University of Cambridge > > Centre for Atmospheric Science seminars, Chemistry Dept. > Radical recycling from VOC oxidation in clean-air

Radical recycling from VOC oxidation in clean-air


Radicals initiate the breakdown of the vast quantity and variety of volatile organic compounds (VOC) emitted to the atmosphere. Understanding radical budgets is crucial therefore to enable calculation of VOC lifetimes, assess impacts on air quality, chemistry and climate, and confidently predict future trends. Recent results from lab-, field-, model- and theoretical-work demonstrate that clean-air radical chemistry is poorly understood, even for important species such as OH. Radicals are consumed by VOC (R1), but may be recycled in subsequent oxidation steps such as (R2b & R3b).

OH + RH    ->    R     (R1)
R  O2 ( M)    ->    RO2 (+ M)    (R2a)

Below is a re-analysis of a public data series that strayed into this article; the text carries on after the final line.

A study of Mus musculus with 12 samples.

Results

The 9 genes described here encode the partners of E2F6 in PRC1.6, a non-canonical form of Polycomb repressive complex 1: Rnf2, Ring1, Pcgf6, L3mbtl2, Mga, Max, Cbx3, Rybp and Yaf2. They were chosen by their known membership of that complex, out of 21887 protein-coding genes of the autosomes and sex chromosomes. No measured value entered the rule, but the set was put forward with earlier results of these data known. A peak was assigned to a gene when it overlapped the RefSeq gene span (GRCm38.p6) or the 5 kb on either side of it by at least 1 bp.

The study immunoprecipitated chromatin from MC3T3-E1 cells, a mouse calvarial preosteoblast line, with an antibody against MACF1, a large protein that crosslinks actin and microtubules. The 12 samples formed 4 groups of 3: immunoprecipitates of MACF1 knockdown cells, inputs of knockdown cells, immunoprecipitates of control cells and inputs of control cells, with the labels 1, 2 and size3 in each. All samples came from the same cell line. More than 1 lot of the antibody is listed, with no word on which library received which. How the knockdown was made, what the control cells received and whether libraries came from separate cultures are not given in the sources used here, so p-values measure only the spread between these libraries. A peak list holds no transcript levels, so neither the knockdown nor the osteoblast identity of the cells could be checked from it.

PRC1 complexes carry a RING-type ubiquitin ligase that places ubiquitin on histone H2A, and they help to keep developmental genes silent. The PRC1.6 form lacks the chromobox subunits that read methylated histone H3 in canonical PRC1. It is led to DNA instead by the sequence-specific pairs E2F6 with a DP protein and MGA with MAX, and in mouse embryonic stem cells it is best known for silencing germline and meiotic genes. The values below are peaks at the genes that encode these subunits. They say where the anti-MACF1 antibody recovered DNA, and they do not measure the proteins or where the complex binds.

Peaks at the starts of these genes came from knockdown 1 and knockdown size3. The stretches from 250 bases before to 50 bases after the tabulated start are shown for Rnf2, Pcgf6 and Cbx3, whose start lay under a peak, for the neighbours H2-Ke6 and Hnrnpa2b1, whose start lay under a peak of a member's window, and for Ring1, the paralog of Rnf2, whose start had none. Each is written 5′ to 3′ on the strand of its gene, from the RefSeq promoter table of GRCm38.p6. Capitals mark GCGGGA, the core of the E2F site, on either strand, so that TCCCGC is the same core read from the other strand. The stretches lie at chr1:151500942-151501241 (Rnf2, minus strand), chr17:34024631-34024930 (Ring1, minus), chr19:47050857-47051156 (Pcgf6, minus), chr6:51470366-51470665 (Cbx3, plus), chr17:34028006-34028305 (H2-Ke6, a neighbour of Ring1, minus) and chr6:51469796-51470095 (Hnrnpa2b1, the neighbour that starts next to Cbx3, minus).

->    OH + (other products)    (R2b)
HO2  RO2     ->    ROOH  O2     (R3a)
->    OH  RO  O2    (R3b)

Whilst traditional chemical schemes would predict little radical recycling in clean-air, with formation of phytotoxic peroxides or peracids (R3a), large OH yields (R3b) have been identified for carbonyl-containing RO2 . In recent work conducted at the Max Planck Institute for Chemistry, Mainz, and at the School of Chemistry, University of Leeds, we have focussed on the clean-air oxidation of the important biogenic VOC isoprene (C5H8). Experimental techniques used have included Pulsed Laser Photolysis coupled to Laser Induced Fluorescence detection of OH (Mainz) and a suitably equipped environmental chamber (HIRAC, Leeds). A number of isoprene-related radical recycling yields will be presented, together with some mechanistic information for the most extensively studied system (R = CH3CO ). Atmospheric implications of these and other results will be discussed.

This talk is part of the Centre for Atmospheric Science seminars, Chemistry Dept. series.